Mama Reschs, a gluten-free and allergen-friendly bakery, is set to open next week in south Overland Park. Menu items will include millet sandwich bread, banana bread, vegan multi-purpose buns, oatmeal cookies, baked chocolate donuts, and pancake mix.
During the holidays, Topsys Popcorn and other retailers also rely on pop-up locations around town to increase brand awareness and make it even more convenient for their customers to shop with them during the busy holiday season. Retailers also can try out a mall without signing a long term lease.
Property owners can choose from among 20 charitable organizations including the American Heart Association, March of Dimes, the Muscular Dystrophy Association and the Heartland division of the American Cancer Society.
Average U.S. rates for fixed mortgages eased slightly this week, remaining near historically low levels.
A Seoul court rejected Samsung's claim that iPhone and iPad models violated three of its patents, another setback for the South Korean electronics giant in a global battle with Apple over rights to technologies that power smartphones and tablets.
Music service Spotify has launched a new free streaming service for mobile devices. The Swedish-based company announced Wednesday that it will allow users to stream playlists for free as long as the songs are shuffled randomly.
A labor group monitoring three Chinese factories that make iPhones and other Apple products says once-oppressive working conditions have steadily improved in the last 18 months, but more must be done to reduce the amount of overtime that employees work.
The number of people seeking U.S. unemployment benefits rose 68,000 last week to a seasonally adjusted 368,000, the largest increase in more than a year.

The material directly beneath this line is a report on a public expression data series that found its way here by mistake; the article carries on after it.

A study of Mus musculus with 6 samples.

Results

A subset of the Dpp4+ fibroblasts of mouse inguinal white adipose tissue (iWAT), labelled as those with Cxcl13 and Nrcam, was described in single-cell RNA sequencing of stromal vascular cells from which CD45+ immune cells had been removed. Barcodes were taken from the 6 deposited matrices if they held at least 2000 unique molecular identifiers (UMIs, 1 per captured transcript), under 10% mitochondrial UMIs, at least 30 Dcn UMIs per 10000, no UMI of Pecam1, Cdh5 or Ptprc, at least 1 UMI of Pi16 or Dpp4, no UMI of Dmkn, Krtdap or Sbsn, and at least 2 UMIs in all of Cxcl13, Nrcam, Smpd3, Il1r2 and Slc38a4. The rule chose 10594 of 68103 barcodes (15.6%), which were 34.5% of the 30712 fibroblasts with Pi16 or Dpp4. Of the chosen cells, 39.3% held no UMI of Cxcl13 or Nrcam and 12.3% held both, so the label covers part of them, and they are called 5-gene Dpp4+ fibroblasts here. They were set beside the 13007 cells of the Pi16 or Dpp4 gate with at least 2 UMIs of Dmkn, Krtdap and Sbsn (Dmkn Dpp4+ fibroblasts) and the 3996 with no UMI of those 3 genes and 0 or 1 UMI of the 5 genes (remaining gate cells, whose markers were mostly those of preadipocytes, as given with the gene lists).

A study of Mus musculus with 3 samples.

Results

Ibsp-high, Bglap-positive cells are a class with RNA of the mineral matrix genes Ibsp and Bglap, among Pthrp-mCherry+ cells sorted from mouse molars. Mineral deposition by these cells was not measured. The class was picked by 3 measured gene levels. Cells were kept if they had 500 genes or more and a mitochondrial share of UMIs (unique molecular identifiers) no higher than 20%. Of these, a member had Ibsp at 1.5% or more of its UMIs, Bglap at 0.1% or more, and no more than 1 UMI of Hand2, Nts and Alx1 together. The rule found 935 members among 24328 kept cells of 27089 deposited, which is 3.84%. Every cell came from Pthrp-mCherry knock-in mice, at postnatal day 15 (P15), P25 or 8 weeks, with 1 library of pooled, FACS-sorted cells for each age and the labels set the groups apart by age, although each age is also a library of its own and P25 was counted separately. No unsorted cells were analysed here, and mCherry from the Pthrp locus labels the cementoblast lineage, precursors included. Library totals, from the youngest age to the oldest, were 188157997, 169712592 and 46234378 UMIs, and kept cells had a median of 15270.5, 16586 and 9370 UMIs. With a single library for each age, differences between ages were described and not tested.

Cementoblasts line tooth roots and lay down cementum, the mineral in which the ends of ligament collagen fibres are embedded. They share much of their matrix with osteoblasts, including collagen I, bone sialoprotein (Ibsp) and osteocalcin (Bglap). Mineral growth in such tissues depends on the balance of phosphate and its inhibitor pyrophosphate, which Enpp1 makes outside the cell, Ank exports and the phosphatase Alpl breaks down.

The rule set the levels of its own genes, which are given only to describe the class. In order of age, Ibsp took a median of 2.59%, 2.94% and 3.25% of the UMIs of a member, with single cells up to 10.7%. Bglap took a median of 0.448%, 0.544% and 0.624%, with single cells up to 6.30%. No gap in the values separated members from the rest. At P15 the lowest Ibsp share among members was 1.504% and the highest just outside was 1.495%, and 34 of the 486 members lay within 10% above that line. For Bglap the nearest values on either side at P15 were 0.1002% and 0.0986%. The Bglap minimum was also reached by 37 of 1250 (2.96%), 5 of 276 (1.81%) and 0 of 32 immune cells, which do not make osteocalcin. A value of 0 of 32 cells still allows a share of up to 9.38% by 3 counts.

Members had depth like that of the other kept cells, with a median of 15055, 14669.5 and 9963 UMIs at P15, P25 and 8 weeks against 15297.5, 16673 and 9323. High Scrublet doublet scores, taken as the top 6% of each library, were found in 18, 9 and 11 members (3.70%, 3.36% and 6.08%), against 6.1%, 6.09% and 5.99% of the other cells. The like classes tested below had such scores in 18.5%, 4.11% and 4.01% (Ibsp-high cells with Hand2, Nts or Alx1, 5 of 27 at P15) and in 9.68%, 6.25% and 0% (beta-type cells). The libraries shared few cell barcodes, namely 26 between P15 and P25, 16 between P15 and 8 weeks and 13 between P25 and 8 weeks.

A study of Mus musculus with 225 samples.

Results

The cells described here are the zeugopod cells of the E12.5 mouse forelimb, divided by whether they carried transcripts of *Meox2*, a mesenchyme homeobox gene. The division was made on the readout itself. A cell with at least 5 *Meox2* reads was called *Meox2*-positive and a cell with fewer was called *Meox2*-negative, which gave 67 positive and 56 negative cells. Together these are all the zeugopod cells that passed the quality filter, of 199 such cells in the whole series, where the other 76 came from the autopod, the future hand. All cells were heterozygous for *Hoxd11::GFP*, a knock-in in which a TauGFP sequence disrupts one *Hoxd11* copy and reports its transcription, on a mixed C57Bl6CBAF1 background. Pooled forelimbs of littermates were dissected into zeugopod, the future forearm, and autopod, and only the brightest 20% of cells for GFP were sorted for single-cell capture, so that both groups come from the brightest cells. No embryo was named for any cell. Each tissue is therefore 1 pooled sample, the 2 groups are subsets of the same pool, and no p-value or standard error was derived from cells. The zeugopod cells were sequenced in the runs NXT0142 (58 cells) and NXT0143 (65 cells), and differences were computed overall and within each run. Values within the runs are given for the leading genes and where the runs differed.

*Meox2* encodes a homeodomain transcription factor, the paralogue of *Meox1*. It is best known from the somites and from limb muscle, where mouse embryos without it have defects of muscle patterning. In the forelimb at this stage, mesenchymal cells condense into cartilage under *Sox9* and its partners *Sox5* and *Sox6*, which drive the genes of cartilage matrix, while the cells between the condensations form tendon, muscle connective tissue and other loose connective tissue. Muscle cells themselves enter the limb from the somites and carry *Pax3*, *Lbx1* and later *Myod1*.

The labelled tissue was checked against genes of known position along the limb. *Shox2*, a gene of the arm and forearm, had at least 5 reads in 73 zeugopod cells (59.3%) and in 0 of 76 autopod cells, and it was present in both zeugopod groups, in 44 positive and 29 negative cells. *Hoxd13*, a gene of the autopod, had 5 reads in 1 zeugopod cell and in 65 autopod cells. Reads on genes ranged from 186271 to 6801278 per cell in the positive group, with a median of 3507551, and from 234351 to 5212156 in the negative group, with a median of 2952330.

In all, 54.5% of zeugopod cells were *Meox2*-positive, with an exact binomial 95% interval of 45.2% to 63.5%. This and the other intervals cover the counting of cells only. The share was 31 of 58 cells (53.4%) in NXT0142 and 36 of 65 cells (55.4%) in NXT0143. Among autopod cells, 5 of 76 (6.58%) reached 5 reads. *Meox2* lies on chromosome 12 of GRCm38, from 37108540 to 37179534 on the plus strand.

Chartwell Hospitality plans to break ground in March on a hotel and garage that will occupy much of the block northeast of 16th Street and Baltimore Avenue. The 10-story building will jointly house a 104-room Residence Inn and a 153-room Courtyard Marriott.
The federal government has picked the new home for 900 employees currently at the Bannister Federal Complex with the move expected to begin one year from now. The decision to lease about 140,000 square feet in the 11-story building at 2300 Main St. was made after a year-long search of downtown properties.
Uncertainty about how the Affordable Care Act will unfold is creating havoc for employers, writes Jim Holland, a labor and employment lawyer in Fisher & Phillips Kansas City office. Its possible that executive orders will unilaterally change the directives being debated, that more provisions will be postponed or changed or that the ACA will simply implode under its own weight.
If youve just returned to the market or are just a rookie, you probably pay more attention to market reports and commentary from the financial press, pundits and equity analysts. Now may be a good time not only to brush up on hoary but effective market maxims, but to arm yourself against the hyperbole and outright nonsense issued by "expert" market observers.
NEW ERA: Mexico's lower house of Congress gave general approval to historic legislation that would open the state-run oil industry to private investment, but final passage was delayed by a debate on its provisions that continued throughout the night and past dawn.
FLYING HIGH: The global airline industry expects its profits to jump to a record next year, helped by falling jet fuel prices, rising travel demand and cost-cutting. The International Air Transport Association forecasts a profit of $19.7 billion — well above the $12.9 billion expected this year and the $7.4 billion made in 2012.
It was a safe bet that Cerner Corp. would once again lead the The Stars rankings as the regions top-performing public company. Cerner, the nations second-largest company that helps hospitals and doctors offices convert paper files into computerized medical records, is in a sweet spot. Other top-ranked companies here do business in areas that have an edge: energy, rail transit and online government services.
The already-hefty pay packages of many public-company executives bulged last year, thanks to higher values of their company stocks. Million-dollar base salaries as paid to Cerner Corp. CEO Neal Patterson (pictured) and Waddell & Reed Financial CEO Hank Herrmann are only the beginning. For most of the bigger-company CEOs, stock awards, options and non-equity incentive compensation dwarf their base pay.